To stem the decline in North Slope oil production ConocoPhillips is forging ahead on three fronts: developing new satellite fields near the Alpine field, developing viscous or heavy oil in the central North Slope and exploring for new oil fields. That was a key message that Jim Bowles, president of ConocoPhillips Alaska, delivered at the Alaska Support Industry Alliance’s Meet Alaska conference on Jan. 20.
“We offset (production decline) with continuing investments in our work on the slope,” Bowles said.
Fiord and NanuqConocoPhillips is bringing Alpine satellite fields, Fiord and Nanuq, on line in the Colville River delta.
“Those are two satellite fields that will come into Alpine,” Bowles said. “… Both of those when they’re done will ultimately produce peak rates upwards of 30,000 barrels a day.”
The company plans a third-quarter 2006 startup for Fiord and a fourth-quarter startup for Nanuq, Bowles said.
And viscous oil development also continues apace.
Bowles said that ConocoPhillips had started up production from the viscous oil West Sak accumulation from the Kuparuk unit 1E pad last year and from the 1J pad through the end of the year. The company expects ultimate peak production upwards of 45,000 barrels per day from West Sak.
“This is a project that could really make significant advancement over the years,” Bowles said.
Spending on the satellite fields amounts to about $500 million, as does spending on West Sak development, Bowles said.
Moving westDevelopment of new fields is progressively moving west, with permitting in progress for Alpine West, in the northeast National Petroleum Reserve-Alaska. ConocoPhillips is also in the process of authorizing funding for that project.
“That would be the first field that would actually be developed and produced out of NPR-A proper,” Bowles said.
The next field in line will be Lookout, a little further into NPR-A than Alpine West.
“Roughly $500 million we’re looking at on these two projects here, hopefully in the 2007-2008 timeframe,” Bowles said.
ExplorationBowles said that ConocoPhillips will be participating in seven exploration wells on the North Slope this winter — he included three West Sak-equivalent viscous oil wells in that count. He also included the recently announced I-100 heavy oil well, in which ConocoPhillips will be participating with BP.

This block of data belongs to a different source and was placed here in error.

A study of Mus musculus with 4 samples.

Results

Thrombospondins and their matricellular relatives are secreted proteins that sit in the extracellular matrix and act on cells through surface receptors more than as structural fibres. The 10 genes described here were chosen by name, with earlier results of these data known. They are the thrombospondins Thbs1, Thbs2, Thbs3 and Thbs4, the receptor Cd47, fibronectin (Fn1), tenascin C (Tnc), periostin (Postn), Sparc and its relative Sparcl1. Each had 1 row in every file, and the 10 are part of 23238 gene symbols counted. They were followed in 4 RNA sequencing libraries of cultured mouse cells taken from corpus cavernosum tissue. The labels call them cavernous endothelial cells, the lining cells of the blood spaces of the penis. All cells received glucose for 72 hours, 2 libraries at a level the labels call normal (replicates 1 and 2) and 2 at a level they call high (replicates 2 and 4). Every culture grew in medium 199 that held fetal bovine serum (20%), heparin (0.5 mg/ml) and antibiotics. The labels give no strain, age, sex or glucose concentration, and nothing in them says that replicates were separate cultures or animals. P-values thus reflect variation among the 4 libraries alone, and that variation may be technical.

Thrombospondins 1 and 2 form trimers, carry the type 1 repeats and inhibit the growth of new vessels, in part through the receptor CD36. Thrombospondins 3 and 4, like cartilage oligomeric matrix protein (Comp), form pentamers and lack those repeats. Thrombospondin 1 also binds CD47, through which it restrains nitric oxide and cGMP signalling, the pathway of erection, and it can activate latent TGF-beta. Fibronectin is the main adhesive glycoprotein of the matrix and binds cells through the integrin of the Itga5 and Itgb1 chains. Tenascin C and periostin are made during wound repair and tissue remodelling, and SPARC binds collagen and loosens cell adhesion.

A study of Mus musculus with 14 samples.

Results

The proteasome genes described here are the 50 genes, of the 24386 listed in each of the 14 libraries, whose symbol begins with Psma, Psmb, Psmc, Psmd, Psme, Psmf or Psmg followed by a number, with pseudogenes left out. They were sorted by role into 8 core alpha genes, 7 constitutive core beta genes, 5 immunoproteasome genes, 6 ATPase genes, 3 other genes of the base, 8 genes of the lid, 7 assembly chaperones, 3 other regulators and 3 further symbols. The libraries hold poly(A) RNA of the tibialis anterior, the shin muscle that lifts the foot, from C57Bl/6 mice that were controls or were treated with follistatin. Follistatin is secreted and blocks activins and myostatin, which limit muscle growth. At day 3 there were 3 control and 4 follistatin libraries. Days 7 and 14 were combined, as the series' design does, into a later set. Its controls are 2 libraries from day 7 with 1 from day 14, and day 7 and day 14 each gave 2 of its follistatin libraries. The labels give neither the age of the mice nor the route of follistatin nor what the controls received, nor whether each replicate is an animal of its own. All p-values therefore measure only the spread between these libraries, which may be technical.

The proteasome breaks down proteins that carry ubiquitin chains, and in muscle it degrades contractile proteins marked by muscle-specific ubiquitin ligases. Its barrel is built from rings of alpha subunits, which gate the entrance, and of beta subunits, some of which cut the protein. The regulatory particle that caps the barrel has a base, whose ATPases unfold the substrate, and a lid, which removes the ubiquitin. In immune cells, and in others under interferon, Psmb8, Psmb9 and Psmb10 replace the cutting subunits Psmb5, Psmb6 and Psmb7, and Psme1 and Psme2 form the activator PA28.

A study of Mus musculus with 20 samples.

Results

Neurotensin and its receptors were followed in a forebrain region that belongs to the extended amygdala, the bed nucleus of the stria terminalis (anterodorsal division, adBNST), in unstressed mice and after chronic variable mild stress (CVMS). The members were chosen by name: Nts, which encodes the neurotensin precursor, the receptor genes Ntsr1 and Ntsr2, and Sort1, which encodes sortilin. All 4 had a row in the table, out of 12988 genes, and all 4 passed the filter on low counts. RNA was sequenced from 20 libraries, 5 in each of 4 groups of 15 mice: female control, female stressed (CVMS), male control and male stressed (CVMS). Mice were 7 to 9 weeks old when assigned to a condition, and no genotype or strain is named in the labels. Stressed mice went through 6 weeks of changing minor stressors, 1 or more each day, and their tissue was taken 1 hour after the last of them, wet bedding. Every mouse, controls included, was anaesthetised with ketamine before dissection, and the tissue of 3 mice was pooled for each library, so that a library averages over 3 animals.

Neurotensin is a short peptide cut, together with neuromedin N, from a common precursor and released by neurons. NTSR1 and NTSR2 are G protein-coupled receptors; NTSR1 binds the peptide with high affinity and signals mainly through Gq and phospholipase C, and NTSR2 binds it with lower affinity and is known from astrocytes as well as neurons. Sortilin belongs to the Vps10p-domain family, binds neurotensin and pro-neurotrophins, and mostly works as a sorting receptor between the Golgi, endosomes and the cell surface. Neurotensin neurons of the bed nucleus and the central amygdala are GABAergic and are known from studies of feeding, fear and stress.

Bowles said that success with drilling for viscous oil could lead to some major new development.
“If we can have some success drilling those, it could spin off a future large project development for this West Sak viscous oil,” he said. “So, it’s going to be an important season for us as far as what we see on the exploration front.”
ConocoPhillips also plans to push the frontiers of exploration in northern Alaska by participating in two new 3-D seismic surveys. One of these surveys will be in the Teshekpuk Lake area of NPR-A, recently opened for exploration by BLM.
“We see that as a significant area,” Bowles said. “… We have a lot of high hopes for what that might lead to.”
The other 3-D survey will be in the Chukchi Sea.
“That’s an area where we are preparing to participate in a 3D survey and we do see a lot of resource potential in the Chukchi,” Bowles said.
As an example of what can happen after conducting a 3-D survey, Bowles cited this season’s flurry of exploration activity in the Storms area, southeast of the Kuparuk River unit, following a 3-D survey last winter.
Increased well workIn addition to new development and exploration, the past few years have seen a major increase in well work in existing fields. And that trend looks set to continue.
2006 “will be the biggest year we’ve had in Kuparuk since the early ‘80s,” Bowles said.
Bowles particularly pointed out an increase in the use of coiled tubing drilling in field development. From relatively little use a few years ago, this technique has become a normal part of business, he said. The technique is helping maintain production rates.
“Kuparuk set a world record of an 18,000-foot plus departure with 2-inch coiled tubing,” Bowles said.
Low sulfur dieselThe introduction of low sulfur diesel to replace conventional diesel fuel on the North Slope is also triggering a major amount of work. But in addition to being a large project in terms of the work involved, Bowles sees conversion to low sulfur diesel as having a major impact on the slope. Conversion will reduce acid fuel emissions by 40 percent over a four-year time period, he said.
ConocoPhillips, in conjunction with BP and Exxon, plans to transition to the new fuel two years earlier than mandated and has agreed with the state on some flexibility around how to do the transition. The transition project will involve a major modification to the Kuparuk topping plant that refines diesel fuel — that modification will entail a major sealift in 2007, Bowles said.
High workloadWith so many projects going on, the ConocoPhillips’ North Slope workload is particularly high at the moment — the company estimates that it will require about 2.2 million man hours just in construction work in 2006. There’s a 50 percent increase from 2004 in direct man hours on construction projects, Bowles said.
“This just goes to show that there’s a lot of activity on the Slope in trying to continue development of reserves,” Bowles said. “… It’s going to be a very busy year for us in ’06.”
But, with so much work going on, Bowles emphasized the continued need to focus on safety. 2005 showed a 28 percent improvement in contractor safety for ConocoPhillips, he said.
“Be careful out there,” he said, as he concluded his presentation to the Meet Alaska conference.